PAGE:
This is derivative, trite, totally conventional, unoriginal, and poorly written.
If I didn’t already know what I was thinking, if I was just overhearing what’s running through my mind as though it were someone else’s mind, I’d know I was thinking about my writing. I’ve begun working on my novel again. I can actually write these words without crying because I don’t actually believe them. These are words a little negative devil on my shoulder likes to employ. But, I’ve committed to remembering that I actually enjoy writing. I love it. And it’s all I want to do. Though it’s scary to admit that.
My first published work appeared in my high school literary journal. I remember writing something about how writing was a relief. Something about how a cool blue streak across a crisp white page somehow enabled me to exhale. Or maybe that’s what I would say now. Cool blue streak would be replaced by black Times New Roman. In any case, when I think about what I want to be doing, even when I try out new passions, I keep coming back to writing.
Writing is my thing.
So I can either choose to live the love, or torture myself through the process. It’s as simple as that. I can remember, “hey, I like writing,” so that I actually enjoy finishing this draft of the novel. Or I can berate myself, and hate finishing this draft of the novel. Either way, it’s getting finished. So why not enjoy it?
I love David Rakoff. He’s an essayist and a contributor to This American Life. He has a new book coming out called “Half Empty.” In his most recent interview on Fresh Air, Rakoff admitted he habitually employs the tactic of defensive pessimism. He says it can be preparatory – if you’re giving a speech, you’ll want to make sure your fly is up, because you consider yourself the type of person who would wander into the unfortunate luck of baring your boxers on stage.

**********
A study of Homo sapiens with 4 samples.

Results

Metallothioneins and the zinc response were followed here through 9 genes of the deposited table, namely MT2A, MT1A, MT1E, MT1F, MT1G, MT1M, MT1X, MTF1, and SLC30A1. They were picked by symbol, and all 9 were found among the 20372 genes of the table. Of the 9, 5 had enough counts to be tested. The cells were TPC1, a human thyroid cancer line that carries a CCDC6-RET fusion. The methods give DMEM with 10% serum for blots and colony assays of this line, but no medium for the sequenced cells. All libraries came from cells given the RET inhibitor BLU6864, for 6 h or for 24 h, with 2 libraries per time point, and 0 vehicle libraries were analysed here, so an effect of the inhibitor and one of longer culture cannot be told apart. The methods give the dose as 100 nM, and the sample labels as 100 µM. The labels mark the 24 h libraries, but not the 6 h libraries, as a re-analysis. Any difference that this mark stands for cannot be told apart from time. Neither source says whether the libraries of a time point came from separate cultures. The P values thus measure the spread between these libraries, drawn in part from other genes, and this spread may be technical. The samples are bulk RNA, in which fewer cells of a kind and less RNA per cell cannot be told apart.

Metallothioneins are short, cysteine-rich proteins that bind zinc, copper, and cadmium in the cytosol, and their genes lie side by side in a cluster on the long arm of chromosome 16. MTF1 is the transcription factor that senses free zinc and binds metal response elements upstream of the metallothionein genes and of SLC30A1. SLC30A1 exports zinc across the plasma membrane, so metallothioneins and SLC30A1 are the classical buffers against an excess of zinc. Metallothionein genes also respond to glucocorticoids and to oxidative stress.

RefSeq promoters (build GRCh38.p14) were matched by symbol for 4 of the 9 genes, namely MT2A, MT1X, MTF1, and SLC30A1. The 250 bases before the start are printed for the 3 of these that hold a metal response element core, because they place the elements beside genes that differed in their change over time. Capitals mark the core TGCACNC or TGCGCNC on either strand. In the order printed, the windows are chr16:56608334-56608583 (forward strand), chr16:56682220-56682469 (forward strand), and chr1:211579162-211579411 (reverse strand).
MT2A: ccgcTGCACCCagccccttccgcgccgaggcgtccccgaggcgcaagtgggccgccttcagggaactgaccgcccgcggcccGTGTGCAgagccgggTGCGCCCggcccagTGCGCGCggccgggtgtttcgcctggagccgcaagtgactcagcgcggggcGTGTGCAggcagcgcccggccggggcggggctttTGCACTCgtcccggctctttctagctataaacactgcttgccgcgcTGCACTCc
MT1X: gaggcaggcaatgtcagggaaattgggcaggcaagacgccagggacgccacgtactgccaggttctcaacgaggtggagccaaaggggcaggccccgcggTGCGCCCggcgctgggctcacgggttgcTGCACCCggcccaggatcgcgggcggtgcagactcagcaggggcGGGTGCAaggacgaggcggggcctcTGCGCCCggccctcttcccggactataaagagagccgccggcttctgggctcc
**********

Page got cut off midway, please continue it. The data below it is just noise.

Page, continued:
Making a living as a “first-person journalist,” as he calls himself, takes guts. So I have to believe that underneath this defensive pessimism, is hope, and belief. I think it’s necessary to any creative pursuit – even if it’s just the belief that you’ll see it through and finish what you’ve started.
In another example of defensive pessimism, Rakoff even admitted to writing his own bad review – before his first book even came out. Before he even wrote it. He said, “Every essay by David Rakoff takes the same form, ‘I was stylishly dismissive of X, until I did X, when I realized that people are decent and I feel lonely-slash-sad-slash-fat.’”
It’s a comforting notion, writing your own bad review. It sort of reminds you that you’ve already said many more critical things about yourself than any other single person could possibly conjure up. So you’re good. I’m good.
And if all else fails, I remind myself I’ve got an amazing guy who loves me enough to whip out a ring and declare, on a random Sunday night, in pajamas, that he wants to spend the rest of his life with me.